Friday, March 14, 2014

Rocket Stoves Rate High for Emergencies

Whether simple and light or less portable but more sturdy, rocket stoves channel heat so efficiently that a small handful of wood can boil water or cook a meal. A simple “hobo stove” uses a can to contain a small fire. A rocket stove uses two cans (or pipe sections) at an angle inside another larger can to create a fire chamber insulated by material packed between the larger can and the smaller cans. This restricts heat dissipation so that all the fire’s energy is directed to the pot you place on top of the stove.

The rocket stove also contains your fire for safety and for preserving the natural look of the area where you are cooking. It also keeps flames much less visible than a standard campfire. They can be especially useful in places like the high desert where wood is scarce that I included use of rocket stoves in my survival novel “Obliterated 2: Violent Nature” ( )

Rocket stoves are a terrific addition to emergency preparations and, although high quality stoves can now be purchased, you can make one yourself fairly easily. Instructions for a simple and lightweight rocket stove can be found on a very useful website titled Here is a link to that site’s easy to follow photos and instructions: 

Sunday, February 23, 2014

Survival suspense SEQUEL available now

Just a quick note that "Obliterated 2: Violent Nature" is now available as an ebook on The print version should be published in another week or so.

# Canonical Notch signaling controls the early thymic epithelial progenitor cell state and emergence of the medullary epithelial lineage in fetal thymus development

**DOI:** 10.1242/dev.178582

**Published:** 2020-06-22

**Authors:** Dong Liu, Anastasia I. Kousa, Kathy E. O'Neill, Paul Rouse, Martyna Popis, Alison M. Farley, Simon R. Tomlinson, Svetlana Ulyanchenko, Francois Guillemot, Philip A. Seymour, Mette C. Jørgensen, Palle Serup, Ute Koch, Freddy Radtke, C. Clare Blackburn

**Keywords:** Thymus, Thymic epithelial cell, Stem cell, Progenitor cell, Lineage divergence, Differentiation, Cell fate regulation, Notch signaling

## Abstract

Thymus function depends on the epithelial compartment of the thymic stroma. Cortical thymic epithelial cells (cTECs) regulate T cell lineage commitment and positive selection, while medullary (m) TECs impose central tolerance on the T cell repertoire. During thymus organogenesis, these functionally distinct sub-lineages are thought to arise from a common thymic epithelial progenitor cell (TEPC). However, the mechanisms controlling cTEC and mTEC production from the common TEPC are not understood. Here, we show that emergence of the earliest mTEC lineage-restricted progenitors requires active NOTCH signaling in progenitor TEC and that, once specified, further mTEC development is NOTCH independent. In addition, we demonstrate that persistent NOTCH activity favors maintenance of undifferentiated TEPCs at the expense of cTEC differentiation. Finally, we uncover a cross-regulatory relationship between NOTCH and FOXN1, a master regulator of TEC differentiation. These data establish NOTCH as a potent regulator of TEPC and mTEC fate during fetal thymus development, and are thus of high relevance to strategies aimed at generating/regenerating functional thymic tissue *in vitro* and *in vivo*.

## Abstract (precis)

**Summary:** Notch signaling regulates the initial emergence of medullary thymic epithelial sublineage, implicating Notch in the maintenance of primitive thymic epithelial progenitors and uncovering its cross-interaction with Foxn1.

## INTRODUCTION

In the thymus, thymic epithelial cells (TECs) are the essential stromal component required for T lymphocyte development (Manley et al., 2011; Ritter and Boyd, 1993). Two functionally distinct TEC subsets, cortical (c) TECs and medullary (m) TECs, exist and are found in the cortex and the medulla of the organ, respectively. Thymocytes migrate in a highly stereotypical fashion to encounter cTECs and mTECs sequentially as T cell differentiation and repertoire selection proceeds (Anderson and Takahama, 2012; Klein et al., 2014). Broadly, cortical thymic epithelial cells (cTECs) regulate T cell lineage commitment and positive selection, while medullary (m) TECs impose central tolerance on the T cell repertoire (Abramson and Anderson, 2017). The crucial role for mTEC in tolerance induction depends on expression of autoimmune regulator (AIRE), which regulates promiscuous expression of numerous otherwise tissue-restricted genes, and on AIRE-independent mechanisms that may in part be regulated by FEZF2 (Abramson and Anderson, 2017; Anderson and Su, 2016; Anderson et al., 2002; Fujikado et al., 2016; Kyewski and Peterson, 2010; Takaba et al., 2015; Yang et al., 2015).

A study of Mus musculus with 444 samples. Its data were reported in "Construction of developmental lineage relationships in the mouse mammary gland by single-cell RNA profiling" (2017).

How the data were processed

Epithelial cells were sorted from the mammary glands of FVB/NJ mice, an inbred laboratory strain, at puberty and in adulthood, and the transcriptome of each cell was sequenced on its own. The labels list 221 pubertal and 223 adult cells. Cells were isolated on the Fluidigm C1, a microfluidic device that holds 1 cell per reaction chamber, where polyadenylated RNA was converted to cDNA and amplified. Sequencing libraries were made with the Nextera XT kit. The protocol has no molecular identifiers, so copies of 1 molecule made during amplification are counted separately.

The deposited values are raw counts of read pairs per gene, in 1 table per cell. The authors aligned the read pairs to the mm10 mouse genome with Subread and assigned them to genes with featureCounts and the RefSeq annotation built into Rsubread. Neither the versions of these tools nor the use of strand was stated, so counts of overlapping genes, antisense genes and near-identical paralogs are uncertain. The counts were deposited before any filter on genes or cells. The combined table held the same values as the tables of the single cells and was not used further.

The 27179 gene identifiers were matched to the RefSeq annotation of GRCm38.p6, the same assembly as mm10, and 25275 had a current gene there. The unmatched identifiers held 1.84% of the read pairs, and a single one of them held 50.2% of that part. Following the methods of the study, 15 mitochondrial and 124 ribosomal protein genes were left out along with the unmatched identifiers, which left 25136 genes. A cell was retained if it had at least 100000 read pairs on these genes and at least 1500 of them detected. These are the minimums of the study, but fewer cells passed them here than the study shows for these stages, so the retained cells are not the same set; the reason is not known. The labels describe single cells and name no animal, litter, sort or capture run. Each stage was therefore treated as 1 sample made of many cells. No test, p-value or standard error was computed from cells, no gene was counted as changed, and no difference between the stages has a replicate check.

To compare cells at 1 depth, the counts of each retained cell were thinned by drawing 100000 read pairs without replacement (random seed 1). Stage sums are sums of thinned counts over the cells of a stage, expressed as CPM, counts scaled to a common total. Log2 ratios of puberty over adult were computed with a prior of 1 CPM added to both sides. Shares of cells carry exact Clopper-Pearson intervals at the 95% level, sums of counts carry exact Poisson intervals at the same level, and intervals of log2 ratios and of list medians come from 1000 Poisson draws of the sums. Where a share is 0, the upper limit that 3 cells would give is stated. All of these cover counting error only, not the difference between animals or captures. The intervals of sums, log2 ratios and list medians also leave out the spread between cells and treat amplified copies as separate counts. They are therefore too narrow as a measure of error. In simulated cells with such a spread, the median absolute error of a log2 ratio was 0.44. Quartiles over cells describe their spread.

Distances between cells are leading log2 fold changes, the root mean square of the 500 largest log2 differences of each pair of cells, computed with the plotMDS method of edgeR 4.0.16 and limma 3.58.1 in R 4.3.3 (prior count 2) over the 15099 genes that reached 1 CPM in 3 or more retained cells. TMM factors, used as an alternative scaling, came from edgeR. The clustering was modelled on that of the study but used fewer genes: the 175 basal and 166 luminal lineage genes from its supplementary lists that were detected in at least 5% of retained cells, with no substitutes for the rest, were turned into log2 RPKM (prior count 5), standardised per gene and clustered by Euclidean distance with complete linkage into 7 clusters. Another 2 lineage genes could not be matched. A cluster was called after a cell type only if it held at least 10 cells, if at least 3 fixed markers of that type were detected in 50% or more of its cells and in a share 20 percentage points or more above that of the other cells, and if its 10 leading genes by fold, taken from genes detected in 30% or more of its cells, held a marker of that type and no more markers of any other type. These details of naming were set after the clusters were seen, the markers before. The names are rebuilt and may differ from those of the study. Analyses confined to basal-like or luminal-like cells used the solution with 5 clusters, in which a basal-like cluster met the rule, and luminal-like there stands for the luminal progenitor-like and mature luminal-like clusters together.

This is a sequel to my well-received first novel "Obliterated - Would You Know How to Survive?"

Both novels have real-life survival tips woven into the stories. I hope you'll check them out.

Tuesday, January 21, 2014

Don’t Wash Your Hands?

The chemical spill contaminating Charleston's water supply should be a cautionary tale for everyone about the need to have drinkable water stored for emergencies. Even if you have a lake at your back door, you should not rely solely on purifying water in a disaster. It could become contaminated with something that your filters or even distillation can’t clear.

But this post is not about emergency water supplies. In Charlston, people could use city water for flushing toilets. However, they were told not to use it to wash. Think about that. Did people use their limited drinking water to wash their hands after visiting the restroom? And if they did, did they have a system so that dirty hands did not contaminate the water bottle that was used?

More generally, health experts expect a rise in flue cases in the Charleston area, because people were not able to wash their hands as often.

Having a good supply of alcohol-based hand sanitizer in your emergency preparations would give your family a giant advantage in such a situation. Read more about why you need at least 60% alcohol sanitizer in this CNN article.

If your water supply was cut off or none was available in case of evacuation, would you have a “handy” way to keep your family healthy?